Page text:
A glossary for the less deceived

9th May 2003 at 01:00
AS the examination season gets under way, one truth shines out like a beacon: no matter what anyone may argue to the contrary, a system in which the stakes are high will produce anxiety to match. Teachers, parents and pupils all feel the pressure in their daily lives.

Nowhere is this better seen than in the rush to meet targets. The internet is awash with a huge target-strategy industry. In the field of literacy alone there are schemes of work, booster classes and lists of key grammatical terms, all supposed to push up your class's literacy scores.

At school I loved grammar, having learned English, German, French and Latin for 20 lessons each week. At university I signed up for every philological course in sight, Old High German, Middle High German, Gothic, the lot. You want something putting into the pluperfect passive? I'm your man.

So I feel envious of these website merchants purveying their ashen-faced offerings to the grammatically challenged. True, words like "homophone", "phoneme" and "morpheme" are more common than "creativity", "imagination" or "enjoyment", but I don't want to be a spoilsport and pour scorn on them.

As someone who can play the homophone by ear, I offer, albeit belatedly, my own web-type glossary, to help anxious teachers and pupils to raise standards of literacy: abbreviation: something cut short, as in "creativity in this school has experienced a considerable abbreviation". assonance: the repetition of vowel sounds, as in "prime time". But it can also describe something donkey-like: "Prescriptive literacy and numeracy teaching has a certain assonance about it."

cliche: a trite or overused phrase: "Our standards agenda is working"; "Teachers are as sick as a parrot."

comprehension: understanding, as in "The Number 10 policy unit has only a bog-standard comprehension of classroom realities."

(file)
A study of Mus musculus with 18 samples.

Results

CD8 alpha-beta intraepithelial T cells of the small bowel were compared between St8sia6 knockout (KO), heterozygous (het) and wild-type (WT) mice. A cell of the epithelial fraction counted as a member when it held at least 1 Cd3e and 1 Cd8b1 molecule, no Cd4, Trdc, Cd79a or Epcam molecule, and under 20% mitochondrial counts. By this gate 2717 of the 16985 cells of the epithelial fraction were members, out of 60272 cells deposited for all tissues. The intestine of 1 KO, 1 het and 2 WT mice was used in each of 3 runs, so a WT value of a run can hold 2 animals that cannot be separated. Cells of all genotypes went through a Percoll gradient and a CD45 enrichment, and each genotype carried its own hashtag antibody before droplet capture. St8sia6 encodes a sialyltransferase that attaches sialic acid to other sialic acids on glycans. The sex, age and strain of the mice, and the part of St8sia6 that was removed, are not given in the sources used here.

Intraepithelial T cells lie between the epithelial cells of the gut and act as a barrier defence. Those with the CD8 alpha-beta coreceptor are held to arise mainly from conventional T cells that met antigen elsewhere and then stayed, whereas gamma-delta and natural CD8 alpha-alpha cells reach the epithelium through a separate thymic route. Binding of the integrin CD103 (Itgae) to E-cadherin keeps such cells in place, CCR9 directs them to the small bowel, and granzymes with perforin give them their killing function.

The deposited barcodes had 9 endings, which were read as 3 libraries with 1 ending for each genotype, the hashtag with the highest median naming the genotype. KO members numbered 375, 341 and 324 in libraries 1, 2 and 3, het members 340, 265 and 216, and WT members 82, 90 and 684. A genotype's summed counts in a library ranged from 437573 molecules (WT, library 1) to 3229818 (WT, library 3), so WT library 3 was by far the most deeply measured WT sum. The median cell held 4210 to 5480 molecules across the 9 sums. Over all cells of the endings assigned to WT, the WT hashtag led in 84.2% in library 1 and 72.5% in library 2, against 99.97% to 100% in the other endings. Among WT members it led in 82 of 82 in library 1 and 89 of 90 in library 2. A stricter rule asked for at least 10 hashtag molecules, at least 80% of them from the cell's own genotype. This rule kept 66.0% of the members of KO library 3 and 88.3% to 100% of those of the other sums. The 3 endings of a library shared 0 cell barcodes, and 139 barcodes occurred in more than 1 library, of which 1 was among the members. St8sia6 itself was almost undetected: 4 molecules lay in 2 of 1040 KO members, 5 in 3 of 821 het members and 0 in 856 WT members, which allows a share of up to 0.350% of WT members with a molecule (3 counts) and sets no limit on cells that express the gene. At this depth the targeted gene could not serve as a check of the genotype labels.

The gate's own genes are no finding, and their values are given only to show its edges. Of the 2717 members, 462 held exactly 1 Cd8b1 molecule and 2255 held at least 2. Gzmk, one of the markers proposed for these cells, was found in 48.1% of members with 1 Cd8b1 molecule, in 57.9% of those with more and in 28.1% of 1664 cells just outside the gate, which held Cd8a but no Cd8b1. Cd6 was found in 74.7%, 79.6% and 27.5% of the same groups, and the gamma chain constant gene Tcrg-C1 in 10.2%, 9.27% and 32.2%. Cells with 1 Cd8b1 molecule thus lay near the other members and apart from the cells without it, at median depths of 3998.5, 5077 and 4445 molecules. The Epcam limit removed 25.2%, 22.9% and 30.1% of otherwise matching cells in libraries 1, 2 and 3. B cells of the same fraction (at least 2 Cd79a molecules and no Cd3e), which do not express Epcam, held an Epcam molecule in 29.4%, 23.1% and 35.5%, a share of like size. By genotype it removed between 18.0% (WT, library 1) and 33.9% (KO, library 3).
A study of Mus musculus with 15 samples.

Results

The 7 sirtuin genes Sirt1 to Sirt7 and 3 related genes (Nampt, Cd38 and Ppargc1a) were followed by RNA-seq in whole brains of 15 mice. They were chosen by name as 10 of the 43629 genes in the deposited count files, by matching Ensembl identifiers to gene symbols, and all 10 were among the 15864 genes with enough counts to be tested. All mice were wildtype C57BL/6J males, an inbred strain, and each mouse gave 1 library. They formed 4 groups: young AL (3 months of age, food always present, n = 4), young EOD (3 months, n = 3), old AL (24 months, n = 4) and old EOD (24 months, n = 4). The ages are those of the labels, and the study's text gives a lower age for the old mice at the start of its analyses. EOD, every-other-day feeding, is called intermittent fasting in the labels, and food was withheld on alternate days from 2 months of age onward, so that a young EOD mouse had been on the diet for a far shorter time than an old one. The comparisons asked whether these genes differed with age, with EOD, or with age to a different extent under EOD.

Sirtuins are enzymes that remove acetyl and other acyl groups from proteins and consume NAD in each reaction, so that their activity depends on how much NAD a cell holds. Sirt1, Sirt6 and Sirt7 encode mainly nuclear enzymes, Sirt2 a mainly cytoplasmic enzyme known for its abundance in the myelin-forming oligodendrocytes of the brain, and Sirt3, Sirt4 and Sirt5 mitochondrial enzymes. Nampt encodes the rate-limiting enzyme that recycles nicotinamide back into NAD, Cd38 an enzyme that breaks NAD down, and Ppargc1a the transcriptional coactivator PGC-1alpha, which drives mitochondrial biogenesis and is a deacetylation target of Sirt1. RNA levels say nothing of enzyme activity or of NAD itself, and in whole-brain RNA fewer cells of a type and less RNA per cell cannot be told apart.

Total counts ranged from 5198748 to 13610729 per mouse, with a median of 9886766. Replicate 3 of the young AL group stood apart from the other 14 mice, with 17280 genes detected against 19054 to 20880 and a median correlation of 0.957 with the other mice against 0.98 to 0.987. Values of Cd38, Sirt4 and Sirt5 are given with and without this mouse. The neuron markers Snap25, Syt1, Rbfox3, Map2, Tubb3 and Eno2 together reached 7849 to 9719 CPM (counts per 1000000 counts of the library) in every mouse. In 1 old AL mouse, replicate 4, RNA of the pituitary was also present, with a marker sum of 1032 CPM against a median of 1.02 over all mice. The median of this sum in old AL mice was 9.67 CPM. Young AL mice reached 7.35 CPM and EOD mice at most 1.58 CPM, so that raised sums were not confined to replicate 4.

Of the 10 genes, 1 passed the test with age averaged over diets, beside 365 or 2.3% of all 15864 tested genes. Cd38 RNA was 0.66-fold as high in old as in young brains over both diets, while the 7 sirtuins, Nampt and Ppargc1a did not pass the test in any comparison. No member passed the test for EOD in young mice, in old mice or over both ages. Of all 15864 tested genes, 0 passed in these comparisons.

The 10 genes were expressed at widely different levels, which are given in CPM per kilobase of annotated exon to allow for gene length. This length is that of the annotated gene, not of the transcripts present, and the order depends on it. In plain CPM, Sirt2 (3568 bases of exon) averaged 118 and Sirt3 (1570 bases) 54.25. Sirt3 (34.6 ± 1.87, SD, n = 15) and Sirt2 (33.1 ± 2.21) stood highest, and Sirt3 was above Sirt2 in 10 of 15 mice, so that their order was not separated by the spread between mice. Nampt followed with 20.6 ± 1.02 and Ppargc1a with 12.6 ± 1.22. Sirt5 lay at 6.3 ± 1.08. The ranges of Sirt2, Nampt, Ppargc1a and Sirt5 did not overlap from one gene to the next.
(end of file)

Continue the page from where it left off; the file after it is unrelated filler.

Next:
digraph: a psychological condition produced by the sheer predictability of the numeracy hour always having three parts to it, inducing a hatred of anything mathematical and a wish for instant death: "At the end of every maths lesson I suffer from acute digraph."

fiction: anything put out by spin doctors about any educational topic.

homograph: a word which has the same spelling as another but a different meaning: "Ofsted tries to give a lead, but the prose in its school reports is like lead."

homophone: a word which has the same sound as another but a different meaning: "rite", "right" and "write", say, or "Margaret Hodge thinks she knows a right lot about education, but I wonder if she can actually write."

idiomatic: a word formed from "idiotic" and "axiomatic", as in:"Politicians should not tell teachers how to teach - that is idiomatic."

metalanguage: the use of profane language, as in: "When I asked him to take Miss Scattergood's Year 9 class he poured out such abuse I've never metalanguage like it."

morpheme: the smallest unit that has meaning, so a word may consist of one or more of them: dog (one unitmorpheme), doghouse (two unitsmorphemes), DfES (several units with no meaning).

oxymoron: a foolish act by a well-educated person: "Stephen Twigg's letter haranguing heads and teachers to meet their targets was a bit of an oxymoron."

passive voice: the feeling of being a head or teacher nowadays in a primary or secondary school.

phoneme: a strategy for dealing with dilatory officialdom: "If he doesn't reply to my bloody letter soon I shall just have to phoneme up."

simile: comparing something to something else, often using "as" or "like".

For example: "When the head was given early retirement, he bought himself a boat, called it Lump Sum and was as happy as a pig in muck."

synonym: a word with the same meaning as another, such as "policy initiative" and "tripe", "gobbledegook", "belly laugh", "utter bollocks" and "what planet are these people on?"

syntax: the duty levied by government on cigarettes and whisky.

tautology:teaching something nobody else can understand, like "ontology":

"I once knew a very clever bloke who tautology at the local university."

tense: the state of most teachers by Friday afternoon.

future tense: trainees who haven't yet started their teaching practice.

conditional tense: people who are only willing to take on a post of responsibility if you offer them a lot of money.

past tense:headteachers who are demob happy and don't care any more.